There’s a whole new spin on what “engagement” looks like when it comes to social activism in the age of social media. From the safety and relative anonymity of our favorite platforms, we share fake and real news, memes mocking public figures, and crowdsource everything from money to mindshare in rallying support for the cause du jour.

It’s one thing to trade barbs on Twitter. But it’s quite another when it all bleeds over into the “real” world. It’s something the hospitality industry, particularly the restaurant business, needs to look out for.

We’ve heard all the stories:

  • No surprise that Washington, D.C. restaurants have to step carefully given today’s polarized political climate. One restaurant there admits to tucking certain cabinet heads and administration officials away in a corner, near multiple exits (a Secret Service request) as an attempt to avoid confrontations by other diners and passers-by.
  • Sometimes confrontations can’t be avoided. Remember when protestors chased former Homeland Security Secretary Kirstjen Nielsen out of a Mexican restaurant because of the controversial family separation immigration practice?
  • And sometimes the restaurant finds itself, not its guests, the target of activists. Such was the case in Chicago when activists posing as dinner guests at a popular River North restaurant stood up to shout out demands related to its management’s failure to address a sexual harassment complaint.

So, what is a restaurateur to do?

Every situation is different, of course. If your venue is the site of a private event highlighted by a controversial speaker, fine. But check out the organizing group and the speaker so you know what to expect, and make sure they do, too. You both have every right to escort protestors out if they crash a private event. In anticipating worst case scenarios, you’ll want to ensure local police are aware and on stand-by, too. Or, if you’re an owner and polarizing individuals come in with a private party, you’re also within your rights to ask them to leave if you find their stance personally distasteful.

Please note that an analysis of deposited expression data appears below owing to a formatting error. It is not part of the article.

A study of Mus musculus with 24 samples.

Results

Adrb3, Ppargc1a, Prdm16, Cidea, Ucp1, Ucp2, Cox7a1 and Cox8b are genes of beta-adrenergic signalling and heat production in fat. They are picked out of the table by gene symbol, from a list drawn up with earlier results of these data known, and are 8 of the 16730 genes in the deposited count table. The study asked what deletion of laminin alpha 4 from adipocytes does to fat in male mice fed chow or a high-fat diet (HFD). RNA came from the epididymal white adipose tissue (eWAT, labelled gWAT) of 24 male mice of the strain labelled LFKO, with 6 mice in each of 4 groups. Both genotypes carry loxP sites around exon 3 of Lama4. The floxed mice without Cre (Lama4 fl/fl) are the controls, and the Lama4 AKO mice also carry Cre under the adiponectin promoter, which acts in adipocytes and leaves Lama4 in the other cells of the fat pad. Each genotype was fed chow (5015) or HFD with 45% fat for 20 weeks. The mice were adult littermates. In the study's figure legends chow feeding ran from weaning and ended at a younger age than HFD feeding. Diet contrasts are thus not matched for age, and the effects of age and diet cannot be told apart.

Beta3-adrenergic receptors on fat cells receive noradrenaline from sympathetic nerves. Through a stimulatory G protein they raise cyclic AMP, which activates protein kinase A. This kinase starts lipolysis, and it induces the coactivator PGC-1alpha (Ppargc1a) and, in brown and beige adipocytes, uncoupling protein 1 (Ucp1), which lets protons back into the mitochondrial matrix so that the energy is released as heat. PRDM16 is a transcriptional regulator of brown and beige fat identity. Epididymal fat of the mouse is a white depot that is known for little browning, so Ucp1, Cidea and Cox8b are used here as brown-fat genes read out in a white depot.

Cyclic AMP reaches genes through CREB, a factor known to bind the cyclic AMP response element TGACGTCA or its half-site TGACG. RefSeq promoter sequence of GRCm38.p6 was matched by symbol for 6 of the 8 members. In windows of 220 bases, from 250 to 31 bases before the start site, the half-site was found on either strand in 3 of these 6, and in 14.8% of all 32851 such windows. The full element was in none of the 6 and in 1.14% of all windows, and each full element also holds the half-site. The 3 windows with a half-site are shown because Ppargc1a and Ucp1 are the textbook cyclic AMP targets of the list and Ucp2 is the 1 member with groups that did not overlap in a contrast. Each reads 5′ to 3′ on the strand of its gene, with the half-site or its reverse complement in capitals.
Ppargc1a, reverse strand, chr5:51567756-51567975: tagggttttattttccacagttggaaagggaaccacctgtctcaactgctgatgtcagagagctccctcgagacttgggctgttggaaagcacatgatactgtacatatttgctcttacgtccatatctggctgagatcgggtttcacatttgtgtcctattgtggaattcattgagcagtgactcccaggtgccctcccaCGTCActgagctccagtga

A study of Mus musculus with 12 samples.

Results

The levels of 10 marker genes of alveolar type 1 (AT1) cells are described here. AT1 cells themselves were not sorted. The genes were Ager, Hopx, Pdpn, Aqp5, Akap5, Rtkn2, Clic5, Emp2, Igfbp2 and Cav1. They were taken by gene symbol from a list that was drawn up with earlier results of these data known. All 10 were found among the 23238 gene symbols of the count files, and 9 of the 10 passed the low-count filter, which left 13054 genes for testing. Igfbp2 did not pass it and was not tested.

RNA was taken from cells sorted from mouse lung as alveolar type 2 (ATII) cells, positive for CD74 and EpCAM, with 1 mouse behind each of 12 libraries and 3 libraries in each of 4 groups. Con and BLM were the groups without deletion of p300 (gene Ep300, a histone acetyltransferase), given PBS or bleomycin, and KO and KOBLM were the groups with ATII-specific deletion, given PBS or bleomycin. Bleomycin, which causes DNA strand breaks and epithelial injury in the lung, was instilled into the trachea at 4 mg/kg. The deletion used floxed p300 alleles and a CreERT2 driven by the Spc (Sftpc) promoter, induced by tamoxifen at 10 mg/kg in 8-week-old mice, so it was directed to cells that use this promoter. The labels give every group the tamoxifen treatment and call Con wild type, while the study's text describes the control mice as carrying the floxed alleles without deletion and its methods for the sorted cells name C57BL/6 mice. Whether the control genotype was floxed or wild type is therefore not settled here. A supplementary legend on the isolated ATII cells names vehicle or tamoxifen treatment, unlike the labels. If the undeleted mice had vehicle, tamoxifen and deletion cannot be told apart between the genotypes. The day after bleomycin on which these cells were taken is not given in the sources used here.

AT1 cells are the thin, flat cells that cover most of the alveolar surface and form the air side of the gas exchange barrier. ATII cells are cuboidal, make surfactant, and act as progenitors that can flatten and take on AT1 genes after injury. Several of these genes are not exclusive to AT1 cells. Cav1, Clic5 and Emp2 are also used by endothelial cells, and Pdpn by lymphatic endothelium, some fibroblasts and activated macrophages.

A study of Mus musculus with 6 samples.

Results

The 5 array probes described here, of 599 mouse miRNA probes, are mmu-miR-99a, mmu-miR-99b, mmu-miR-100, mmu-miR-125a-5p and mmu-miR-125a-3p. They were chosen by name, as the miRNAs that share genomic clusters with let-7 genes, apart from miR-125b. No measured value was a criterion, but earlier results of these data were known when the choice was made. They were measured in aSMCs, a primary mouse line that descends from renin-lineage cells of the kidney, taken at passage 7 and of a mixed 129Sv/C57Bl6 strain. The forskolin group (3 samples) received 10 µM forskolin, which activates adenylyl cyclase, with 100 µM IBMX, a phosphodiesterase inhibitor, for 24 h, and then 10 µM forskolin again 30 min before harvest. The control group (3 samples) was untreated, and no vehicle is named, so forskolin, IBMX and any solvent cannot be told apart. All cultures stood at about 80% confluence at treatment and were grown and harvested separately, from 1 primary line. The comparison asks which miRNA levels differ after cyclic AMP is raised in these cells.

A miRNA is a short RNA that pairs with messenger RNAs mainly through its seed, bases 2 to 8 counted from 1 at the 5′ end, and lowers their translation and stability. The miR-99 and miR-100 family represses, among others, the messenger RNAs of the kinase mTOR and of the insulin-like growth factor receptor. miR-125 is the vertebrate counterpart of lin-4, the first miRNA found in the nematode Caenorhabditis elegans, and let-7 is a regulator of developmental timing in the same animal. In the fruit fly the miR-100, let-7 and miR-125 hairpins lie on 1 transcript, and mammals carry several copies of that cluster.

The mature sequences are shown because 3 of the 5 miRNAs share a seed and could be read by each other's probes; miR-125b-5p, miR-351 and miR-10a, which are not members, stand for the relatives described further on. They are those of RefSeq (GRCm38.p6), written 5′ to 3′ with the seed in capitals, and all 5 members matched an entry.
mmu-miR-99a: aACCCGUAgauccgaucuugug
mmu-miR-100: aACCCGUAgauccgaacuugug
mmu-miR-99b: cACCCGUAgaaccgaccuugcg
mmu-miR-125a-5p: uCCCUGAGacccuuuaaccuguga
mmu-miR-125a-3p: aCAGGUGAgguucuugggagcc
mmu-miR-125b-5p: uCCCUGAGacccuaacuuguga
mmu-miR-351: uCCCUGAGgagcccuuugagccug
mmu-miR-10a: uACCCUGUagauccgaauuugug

Should social activists disrupt your restaurant to the extent that it suffers physical damage or must close temporarily just to regroup, losses are likely to be covered through business interruption insurance or standard liability coverage.

In any event, your crisis management plan needs to cover these types of situations. It should include:

  • Staff training and protocols. You want on-brand behavior by the management and wait-staff for any situation. Do’s and don’ts should be spelled out. No photos to be Instagrammed or Tweeted out. Paparazzi aren’t allowed. Have a policy on voicing personal political opinions on the job. Have backup protocols on how to handle unexpected situations – like protestors – without disrupting other guests.
  • Security/vulnerability assessment. A security expert can help facilitate this. The evaluation should start with access points, like front or back doors. Also important is in-house security. Are there live monitors or dummy cameras? Are they monitored in house or through a service? Is there on-staff security, and if so, how are these people trained? Are they armed?
  • Crisis communications. Your plan also should have a protocol for keeping the internal team informed of the status and outcome, and messaging should be approved for the spokesperson to share with external audiences.

HUB International’s team of brokers is available to work with you in understanding and managing social activism risk and insurance issues at your organization.